Can You Vote If Your Status Is Inactive? You'll Need To Arrive At The Polling Station Well-Prepared
I'm not going to sugarcoat it: The 2016 presidential election cycle has been one rough (and consistently shocking) road and I don't think anyone will be sad to complete this process on Nov. 8. The end is in sight — the third and final debate was held on Oct. 19 and, in a wise, succinct tweet that summed up the race between former Secretary of State Hillary Clinton and Donald Trump, J.K. Rowling told us: "Your move, America." It is indeed our move, and early voting has already begun in a number of states, including Georgia and Washington. It's safe to say that many Americans are eager to vote, so let's make sure there are no unforeseen roadblocks that could potentially prohibit you from voting. One thing I urge everyone to do is ensure that his or her voter status is "active." If for some reason the answer is no, let's talk about whether or not you can vote if your status is inactive.
First things first — head to the nonpartisan website CanIVote.org and use their dropdown menu to select the state where you're registered to vote. The process is easy — it will redirect you to a page that prompts you to enter your relevant information and it will tell you whether your status is "active" or "inactive." If you're listed as active, you're good to go — but what steps do you need to take if your status is inactive?
Depending on your state's voting laws, restoring your status may be a hassle or it may be something that can be dealt with quite easily when you arrive at your local polling location — and luckily, most states fall into the latter category. But, if you're wondering why your status has been changed to inactive, it's because you have not voted in two consecutive federal elections and haven't returned the post cards from election officials requesting that you verify your address. The good news is that you're still a registered voter and therefore the process will be easier than scrambling to register at the last minute.
So, what's next? Voting lows are enacted on a state level, so it depends on where you live. Certain states make it as easy as possible for inactive voters to cast their ballots — for example, inactive voters in Massachusetts, California, Florida, and many other states may restore their status to "active" on Election Day as long as they present identification and fill out a form confirming their addresses when they arrive at the polling station. Since it's always better to be safe than sorry, you'll want to bring a recent utility bill or rent receipt in addition to your ID. It's going to be super busy at the majority of polling stations across the country, so it will make it easier on you and the workers if you bring ample proof that you are registered, you reside in the station's precinct, and have the right to become "active" again in time to cast your 2016 vote.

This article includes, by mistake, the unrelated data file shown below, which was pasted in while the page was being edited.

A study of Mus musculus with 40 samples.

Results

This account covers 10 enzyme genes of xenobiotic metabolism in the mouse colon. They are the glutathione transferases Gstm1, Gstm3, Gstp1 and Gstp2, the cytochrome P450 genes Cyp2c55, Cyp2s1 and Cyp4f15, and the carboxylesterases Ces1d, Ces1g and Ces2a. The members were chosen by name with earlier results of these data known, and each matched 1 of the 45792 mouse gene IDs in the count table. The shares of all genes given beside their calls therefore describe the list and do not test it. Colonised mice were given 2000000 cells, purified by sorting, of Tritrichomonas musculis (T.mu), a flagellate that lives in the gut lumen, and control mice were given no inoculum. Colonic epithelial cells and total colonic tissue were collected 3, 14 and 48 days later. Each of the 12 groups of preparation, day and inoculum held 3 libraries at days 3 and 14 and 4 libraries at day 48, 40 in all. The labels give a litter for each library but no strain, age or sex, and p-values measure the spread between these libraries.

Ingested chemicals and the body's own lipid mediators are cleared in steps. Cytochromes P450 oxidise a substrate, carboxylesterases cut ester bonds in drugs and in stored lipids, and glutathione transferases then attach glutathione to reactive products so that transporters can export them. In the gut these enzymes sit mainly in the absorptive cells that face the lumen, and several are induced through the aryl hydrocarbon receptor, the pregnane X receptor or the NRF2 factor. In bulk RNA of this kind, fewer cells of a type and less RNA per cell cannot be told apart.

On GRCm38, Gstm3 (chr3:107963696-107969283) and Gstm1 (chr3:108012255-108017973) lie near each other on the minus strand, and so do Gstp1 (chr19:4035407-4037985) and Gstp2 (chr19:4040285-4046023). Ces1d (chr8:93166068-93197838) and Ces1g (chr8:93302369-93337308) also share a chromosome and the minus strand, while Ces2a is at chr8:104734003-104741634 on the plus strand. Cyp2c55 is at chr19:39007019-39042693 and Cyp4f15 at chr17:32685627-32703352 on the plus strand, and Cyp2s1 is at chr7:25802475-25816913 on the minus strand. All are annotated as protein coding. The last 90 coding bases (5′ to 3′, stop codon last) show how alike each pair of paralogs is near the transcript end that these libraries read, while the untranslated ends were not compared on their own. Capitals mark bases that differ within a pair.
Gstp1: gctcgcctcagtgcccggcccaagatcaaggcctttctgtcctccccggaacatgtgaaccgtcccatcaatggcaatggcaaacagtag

However, there can be some frustrating roadblocks. For example, it was reported on Oct. 21 that approximately two million inactive voters in Ohio would be permitted to vote — but their ballots would be provisional, meaning that they may not be counted on Election Day itself. Provisional ballots are held in a sealed envelope along with the voter's ID information and the Election Board staff has 10 days to determine whether or not they can be counted. So, in a battleground state like Ohio, this could pose a problem if the Nov. 8 results are extremely tight and one candidate requests a recount. (Some of us remember living through the infamous 2000 election, in which Americans waited for days on end as officials counted absentee and provisional ballots in Florida, which was the deciding state that year.)
Because every state is different, the best way to get answers is by contacting your local or state election board. There may still be time to reactivate your status before Nov. 8 — but, if that's not the case, the board can advise you on how best to proceed and ensure that your vote is counted on Election Day.